Aside from the newly implemented IFRS standards, regulatory changes in customs in the UK are also undergoing a massive overhaul this 2021. Let’s see what are the implications of post-Brexit conditions to VAT and trading.
Different legislations following after the UK’s official exit from the European Union (EU) bombarded businesses and organizations. The state asserts its official independence from the bloc as they imposed new business and trading regulations come 2021.
Post-Brexit VAT rules for goods
Take note of the following changes in VAT rulings for goods as we go halfway through the post-Brexit regime.
The UK is no longer part of the EU single market, but the signed trade agreement between the two parties stipulates that there will be tariff-free and quota-free access to both markets albeit bureaucracies are to be imposed on businesses to move products to and from the UK.
A part of the new customs regulatory check is the UK Economic Operator Registration and Identification (EORI) for businesses with goods entering and leaving the UK, including Northern Ireland, prefixed with ‘GB’.
If your business doesn’t have an EORI number, there will be increased costs and delays on your end. Make sure you’re cleared of the paperwork before you get to the customs so the HMRC can seamlessly clear you from pending requirements.
For products moving between Great Britain (England, Scotland, and Wales) and Northern Ireland, your EORI number should start with ‘XI’ but make sure to obtain a GB EORI first to be eligible for the XI EORI.
Accounting for VAT post-Brexit
UK businesses will now levy VAT when trading with EU countries in the same manner that they impose VAT to non-EU companies.
The HMRC automatically enrolled entities that are VAT registered, and had a previous trading relationship with Europe. Those firms below VAT threshold are required to apply online.
UK VAT registered businesses can now account for import VAT on their VAT return instead of paying for it when their goods arrive at the British port. This is what we call Postponed VAT accounting.
For products directly sold to the UK, sellers are required to register and pay for the VAT to HMRC, and are also held liable for accounting the VAT on goods when sold directly to UK citizens.
When exporting goods to EU (and non-EU countries), businesses that are VAT registered in the UK remain to be zero-rated for UK VAT, which applies to you whether you’re exporting your products to a consumer (B2C), or to a business (B2B). There’s no need to observe distance selling rules anymore, or to verify the VAT status of the business. If you’re selling B2C to the EU, you are required to register for EU VAT depending on the requirements of the member state where you sell your goods.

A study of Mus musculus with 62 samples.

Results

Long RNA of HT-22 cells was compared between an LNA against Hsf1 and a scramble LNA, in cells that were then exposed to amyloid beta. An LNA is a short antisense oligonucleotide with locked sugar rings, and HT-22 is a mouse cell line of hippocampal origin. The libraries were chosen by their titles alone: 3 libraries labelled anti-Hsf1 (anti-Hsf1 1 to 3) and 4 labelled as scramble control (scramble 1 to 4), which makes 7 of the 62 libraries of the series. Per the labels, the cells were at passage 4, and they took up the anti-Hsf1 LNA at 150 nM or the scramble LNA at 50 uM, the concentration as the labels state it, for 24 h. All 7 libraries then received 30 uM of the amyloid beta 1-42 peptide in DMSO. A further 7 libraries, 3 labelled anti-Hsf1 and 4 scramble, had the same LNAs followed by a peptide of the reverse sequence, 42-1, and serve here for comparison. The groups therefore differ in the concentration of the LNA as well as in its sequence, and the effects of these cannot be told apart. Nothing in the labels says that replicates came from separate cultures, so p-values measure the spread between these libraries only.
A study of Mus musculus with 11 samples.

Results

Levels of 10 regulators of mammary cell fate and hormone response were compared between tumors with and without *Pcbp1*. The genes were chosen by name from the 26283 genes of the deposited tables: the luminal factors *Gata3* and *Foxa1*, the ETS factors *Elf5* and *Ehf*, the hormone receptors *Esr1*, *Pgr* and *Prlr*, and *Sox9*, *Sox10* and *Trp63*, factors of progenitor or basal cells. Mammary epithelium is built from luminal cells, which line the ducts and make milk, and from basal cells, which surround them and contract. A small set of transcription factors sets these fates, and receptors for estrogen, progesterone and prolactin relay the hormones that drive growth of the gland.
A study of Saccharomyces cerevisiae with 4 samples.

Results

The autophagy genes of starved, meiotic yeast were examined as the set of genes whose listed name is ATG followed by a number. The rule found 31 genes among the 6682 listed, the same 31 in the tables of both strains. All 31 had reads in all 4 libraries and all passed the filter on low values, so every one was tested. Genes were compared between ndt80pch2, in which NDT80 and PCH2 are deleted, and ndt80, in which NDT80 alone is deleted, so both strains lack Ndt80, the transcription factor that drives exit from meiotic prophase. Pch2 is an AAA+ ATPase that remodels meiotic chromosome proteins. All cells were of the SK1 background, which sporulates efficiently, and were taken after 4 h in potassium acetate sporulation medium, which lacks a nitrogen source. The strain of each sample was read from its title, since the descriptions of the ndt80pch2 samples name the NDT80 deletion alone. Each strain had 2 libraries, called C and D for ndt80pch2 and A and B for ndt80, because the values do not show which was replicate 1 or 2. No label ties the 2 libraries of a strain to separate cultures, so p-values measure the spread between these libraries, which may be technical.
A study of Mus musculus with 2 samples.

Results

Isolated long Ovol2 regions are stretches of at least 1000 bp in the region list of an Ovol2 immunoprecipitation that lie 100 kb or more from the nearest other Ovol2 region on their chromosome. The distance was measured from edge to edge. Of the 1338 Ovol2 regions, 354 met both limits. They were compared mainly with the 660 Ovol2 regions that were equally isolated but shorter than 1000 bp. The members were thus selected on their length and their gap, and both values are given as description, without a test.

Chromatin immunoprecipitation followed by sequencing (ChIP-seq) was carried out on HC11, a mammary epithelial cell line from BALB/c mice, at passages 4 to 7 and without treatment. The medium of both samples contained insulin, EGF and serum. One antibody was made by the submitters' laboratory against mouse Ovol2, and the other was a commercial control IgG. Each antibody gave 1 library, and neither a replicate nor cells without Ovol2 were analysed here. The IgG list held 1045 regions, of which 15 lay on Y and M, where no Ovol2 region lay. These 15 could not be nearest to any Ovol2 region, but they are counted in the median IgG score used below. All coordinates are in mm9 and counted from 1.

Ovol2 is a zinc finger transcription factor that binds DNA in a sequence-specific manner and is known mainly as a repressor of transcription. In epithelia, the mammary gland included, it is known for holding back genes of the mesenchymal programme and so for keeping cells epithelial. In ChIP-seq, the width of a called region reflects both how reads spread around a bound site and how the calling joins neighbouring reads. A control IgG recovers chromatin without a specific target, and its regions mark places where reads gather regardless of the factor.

Businesses can also activate the Common Transit Convention (CTC) where they are allowed to complete customs paperworks and procedures away from the border and defer import VAT, until the goods reach their destination. New measures are being put up by the government to minimize the number of businesses that require guarantee while goods are being moved.
In addition, the UK pulls out the VAT Mini One Stop Shop (VAT MOSS) so if you’re selling digital services to any EU countries you must declare your sales and pay your VAT to the member state you transact with. However, if you’re still using the scheme in providing digital services in the EU, make sure to register for the non-union MOSS in the individual EU state you sell your services to.
Northern Ireland and VAT
Northern Ireland border with the EU stays open, which means goods imported to Great Britain (England, Scotland, and Wales) from there will be imposed with the UK import VAT.
For businesses importing goods from Britain to Northern Ireland, EU import VAT is levied, but is eligible for deferment through postponed VAT accounting.
Terms of export and import between the EU (including Republic of Ireland) and Northern Ireland follow the current EU procedures.
The UK government is also implementing a new Trader Support Service to guide businesses in moving goods to and from Northern Ireland and Great Britain as changes are made in the Northern Ireland Protocol. It is also a helpful support for non-UK countries to bring goods into Northern Ireland.
The introduction of the post-Brexit VAT will remain a focus for businesses trading with the EU and the UK in the coming months, as it signals significant modifications in the usual customs measures the countries have been practicing for decades. Make sure you understand Brexit-related changes so you can apply them accordingly in your accounting procedures. But in the event you find it too laborious to attend to, having the right talents in your team will do the work for you.